SYDNEY — The lawyer behind a class-action lawsuit against the provincial and federal governments related to contamination spewed into the environment by a century of steelmaking in Sydney is not giving up the fight.
Contractors work on part of the structure that pumps water from the Wash Brook and diverts it from the south tar pond to a channel that takes it out to Sydney harbour in this December 2009 file photo. Steve Wadden - Cape Breton Post
While in December the Nova Scotia Court of Appeal threw out the certification of the class-action lawsuit, Ray Wagner said he is working on two measures that could keep the action before the courts.
They have applied for an extension of the 60-day period to file leave to appeal to the Supreme Court of Canada.
"We haven't heard back yet whether they're going to grant that or not, although it's not being opposed," Wagner said.
They are also asking the Nova Scotia Court of Appeal for a reconsideration of its decision, in light of a subsequent Supreme Court of Canada decision that dealt with the question of preferred procedure.
"In that particular case, it bascially said that there shouldn't be a too rigid approach ... in the context of the three pillars of class proceedings — access to justice, judicial economy and behaviour modification — expecially in the context of access to justice, if the only other alternative to resolving a class action on a common issue is individual actions, then that becomes too costly to be able to advance," Wagner said.
The court found that, in that instance, it woud lead to certifying the case. Another recent Supreme Court of Canada decision dealt with common issues, Wagner said, noting that was one of the concerns raised by the Court of Appeal. The country's highest court leaned heavily toward access to justice and allowing claims to proceed to answer a common issue in a class proceeding, he said.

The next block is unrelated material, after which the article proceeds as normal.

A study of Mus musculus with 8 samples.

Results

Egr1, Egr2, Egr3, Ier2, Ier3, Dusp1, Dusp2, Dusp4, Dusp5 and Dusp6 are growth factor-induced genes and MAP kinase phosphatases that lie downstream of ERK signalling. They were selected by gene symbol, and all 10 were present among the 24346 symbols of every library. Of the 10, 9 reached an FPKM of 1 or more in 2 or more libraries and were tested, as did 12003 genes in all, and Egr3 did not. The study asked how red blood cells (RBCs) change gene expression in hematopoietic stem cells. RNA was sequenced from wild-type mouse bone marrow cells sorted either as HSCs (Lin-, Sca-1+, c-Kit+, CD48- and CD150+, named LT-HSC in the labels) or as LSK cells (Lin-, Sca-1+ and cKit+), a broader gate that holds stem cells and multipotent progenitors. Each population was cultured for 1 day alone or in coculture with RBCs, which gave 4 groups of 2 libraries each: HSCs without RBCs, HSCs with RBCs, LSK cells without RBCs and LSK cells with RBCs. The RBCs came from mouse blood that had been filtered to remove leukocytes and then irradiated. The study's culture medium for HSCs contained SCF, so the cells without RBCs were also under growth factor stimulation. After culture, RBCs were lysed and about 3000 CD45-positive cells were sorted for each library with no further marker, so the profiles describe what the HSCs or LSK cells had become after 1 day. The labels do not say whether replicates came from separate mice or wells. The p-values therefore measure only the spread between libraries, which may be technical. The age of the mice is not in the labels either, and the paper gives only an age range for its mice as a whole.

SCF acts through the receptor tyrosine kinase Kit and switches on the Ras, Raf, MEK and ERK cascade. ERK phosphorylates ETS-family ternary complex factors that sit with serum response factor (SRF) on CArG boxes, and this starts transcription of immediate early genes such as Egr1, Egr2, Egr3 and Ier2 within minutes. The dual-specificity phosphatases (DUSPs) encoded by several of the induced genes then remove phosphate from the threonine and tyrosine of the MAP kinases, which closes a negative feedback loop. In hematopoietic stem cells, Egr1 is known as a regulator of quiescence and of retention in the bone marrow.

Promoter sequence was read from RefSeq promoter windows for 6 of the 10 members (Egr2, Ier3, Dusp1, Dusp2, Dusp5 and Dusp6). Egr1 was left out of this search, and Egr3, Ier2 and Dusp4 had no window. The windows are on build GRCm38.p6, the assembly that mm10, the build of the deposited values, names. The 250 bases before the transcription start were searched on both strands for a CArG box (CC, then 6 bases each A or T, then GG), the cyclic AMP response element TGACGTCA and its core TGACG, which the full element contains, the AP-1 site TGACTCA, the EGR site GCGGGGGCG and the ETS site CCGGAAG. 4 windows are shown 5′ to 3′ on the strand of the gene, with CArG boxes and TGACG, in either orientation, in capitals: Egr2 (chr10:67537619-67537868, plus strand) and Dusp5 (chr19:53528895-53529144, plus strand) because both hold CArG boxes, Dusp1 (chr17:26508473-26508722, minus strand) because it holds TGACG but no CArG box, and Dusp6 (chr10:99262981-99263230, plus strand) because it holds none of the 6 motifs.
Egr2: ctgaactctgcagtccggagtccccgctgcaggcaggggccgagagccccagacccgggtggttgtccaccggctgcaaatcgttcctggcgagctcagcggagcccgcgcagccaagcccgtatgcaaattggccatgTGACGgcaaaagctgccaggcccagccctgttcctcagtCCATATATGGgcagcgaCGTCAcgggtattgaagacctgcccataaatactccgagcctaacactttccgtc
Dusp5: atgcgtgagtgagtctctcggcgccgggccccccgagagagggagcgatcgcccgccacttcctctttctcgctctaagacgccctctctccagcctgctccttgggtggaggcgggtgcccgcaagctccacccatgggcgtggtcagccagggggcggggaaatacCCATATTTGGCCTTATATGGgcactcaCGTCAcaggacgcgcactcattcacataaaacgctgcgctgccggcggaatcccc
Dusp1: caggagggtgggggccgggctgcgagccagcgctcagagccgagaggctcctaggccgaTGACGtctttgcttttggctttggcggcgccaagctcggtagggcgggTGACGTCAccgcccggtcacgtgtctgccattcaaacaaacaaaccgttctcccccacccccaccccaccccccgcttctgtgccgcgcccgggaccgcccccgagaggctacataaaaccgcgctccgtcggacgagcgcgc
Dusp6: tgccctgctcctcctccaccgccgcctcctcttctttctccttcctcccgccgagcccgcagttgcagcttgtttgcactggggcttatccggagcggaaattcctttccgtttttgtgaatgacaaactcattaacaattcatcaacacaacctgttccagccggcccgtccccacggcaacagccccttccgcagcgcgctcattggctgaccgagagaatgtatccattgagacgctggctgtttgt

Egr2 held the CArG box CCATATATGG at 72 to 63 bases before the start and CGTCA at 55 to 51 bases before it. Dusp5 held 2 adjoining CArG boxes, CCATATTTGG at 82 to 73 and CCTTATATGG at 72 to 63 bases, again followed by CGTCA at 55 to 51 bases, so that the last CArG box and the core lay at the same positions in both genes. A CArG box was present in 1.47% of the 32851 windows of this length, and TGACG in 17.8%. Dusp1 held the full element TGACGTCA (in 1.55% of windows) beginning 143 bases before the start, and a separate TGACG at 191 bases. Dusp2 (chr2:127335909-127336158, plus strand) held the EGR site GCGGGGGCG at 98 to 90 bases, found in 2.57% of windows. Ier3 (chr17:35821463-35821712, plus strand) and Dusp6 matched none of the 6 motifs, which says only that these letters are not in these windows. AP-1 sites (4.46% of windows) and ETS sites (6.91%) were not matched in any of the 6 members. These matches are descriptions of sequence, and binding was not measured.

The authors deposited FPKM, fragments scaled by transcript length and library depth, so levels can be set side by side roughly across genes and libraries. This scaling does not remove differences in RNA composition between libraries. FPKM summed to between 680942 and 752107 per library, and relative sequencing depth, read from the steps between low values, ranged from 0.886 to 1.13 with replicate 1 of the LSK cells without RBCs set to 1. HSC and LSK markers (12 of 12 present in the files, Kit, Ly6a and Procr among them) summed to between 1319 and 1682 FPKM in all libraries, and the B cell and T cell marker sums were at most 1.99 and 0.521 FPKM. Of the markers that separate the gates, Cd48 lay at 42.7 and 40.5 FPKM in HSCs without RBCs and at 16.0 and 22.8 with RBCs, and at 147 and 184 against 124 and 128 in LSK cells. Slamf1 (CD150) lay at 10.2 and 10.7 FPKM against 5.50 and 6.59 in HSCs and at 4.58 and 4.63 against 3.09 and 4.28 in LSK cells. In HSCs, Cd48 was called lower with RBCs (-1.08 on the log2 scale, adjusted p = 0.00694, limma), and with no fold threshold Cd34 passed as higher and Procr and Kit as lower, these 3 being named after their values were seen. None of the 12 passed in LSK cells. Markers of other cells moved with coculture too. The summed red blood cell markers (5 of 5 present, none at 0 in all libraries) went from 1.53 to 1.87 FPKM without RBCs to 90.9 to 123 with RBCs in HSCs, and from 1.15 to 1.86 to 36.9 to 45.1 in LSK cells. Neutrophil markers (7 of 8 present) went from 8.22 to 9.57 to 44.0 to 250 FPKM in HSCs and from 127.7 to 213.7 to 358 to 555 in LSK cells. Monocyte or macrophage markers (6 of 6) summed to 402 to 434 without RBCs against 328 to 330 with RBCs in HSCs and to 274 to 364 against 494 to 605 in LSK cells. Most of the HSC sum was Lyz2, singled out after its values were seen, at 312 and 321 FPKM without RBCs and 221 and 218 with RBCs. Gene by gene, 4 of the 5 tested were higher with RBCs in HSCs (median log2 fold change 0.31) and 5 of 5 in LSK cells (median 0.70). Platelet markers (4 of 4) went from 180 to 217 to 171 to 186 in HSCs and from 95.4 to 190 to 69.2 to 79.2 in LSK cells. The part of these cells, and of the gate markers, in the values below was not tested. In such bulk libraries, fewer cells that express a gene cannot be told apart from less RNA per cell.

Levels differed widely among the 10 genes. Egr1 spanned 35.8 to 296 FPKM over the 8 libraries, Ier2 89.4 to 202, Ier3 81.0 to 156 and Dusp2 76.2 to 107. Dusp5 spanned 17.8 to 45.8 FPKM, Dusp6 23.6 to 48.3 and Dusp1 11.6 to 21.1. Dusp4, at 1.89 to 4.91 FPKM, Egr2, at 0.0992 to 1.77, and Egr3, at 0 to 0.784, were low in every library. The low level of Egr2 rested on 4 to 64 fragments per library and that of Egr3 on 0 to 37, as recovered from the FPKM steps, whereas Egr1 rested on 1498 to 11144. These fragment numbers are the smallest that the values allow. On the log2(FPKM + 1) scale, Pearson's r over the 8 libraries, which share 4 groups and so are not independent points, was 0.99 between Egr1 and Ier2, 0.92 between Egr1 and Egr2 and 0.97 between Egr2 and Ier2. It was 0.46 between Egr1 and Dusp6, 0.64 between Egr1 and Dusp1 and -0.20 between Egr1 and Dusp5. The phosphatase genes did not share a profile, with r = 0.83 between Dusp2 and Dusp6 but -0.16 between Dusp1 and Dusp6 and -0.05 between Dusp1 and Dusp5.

The court found that, even if issues are different, if they are not in conflict, the action should proceed.
As far as the extension for leave to appeal to the Supreme Court of Canda goes, Wagner said he expects that should be granted.
About 400 people to date have signed on to the lawsuit.
The appeals court overturned the certification by a Nova Scotia Supreme Court justice in 2011, ruling that there are too few common issues uniting the plaintiffs.
"There are too many differences among the class members to make the certified common issues common to all of the class members," the appeals court panel wrote. "There is no reason to believe any contaminants emitted by the appellants were distributed evenly across the geographical area, or during the time period specified in the action."
Wagner has said he believes it is a case of national significance, important for people across the country as far as environmental class actions are concerned.
He said he was disappointed for the people of Sydney, noting those involved with the class action can't afford to bring individual actions and assume the costs involved with them. He said there has been a great deal of time and effort invested in the lawsuit since it was first filed in 2004.
The plaintiffs are seeking compensation and a medical monitoring fund for contamination resulting from the operation of the steel plant between 1967 and 2000. There is no demand for personal injury compensation.
None of the plaintiffs's claims have yet been proven in court.
It was only the second contested certification approved under Nova Scotia's Class Proceedings Act, and is the first environmental class action certified in the province.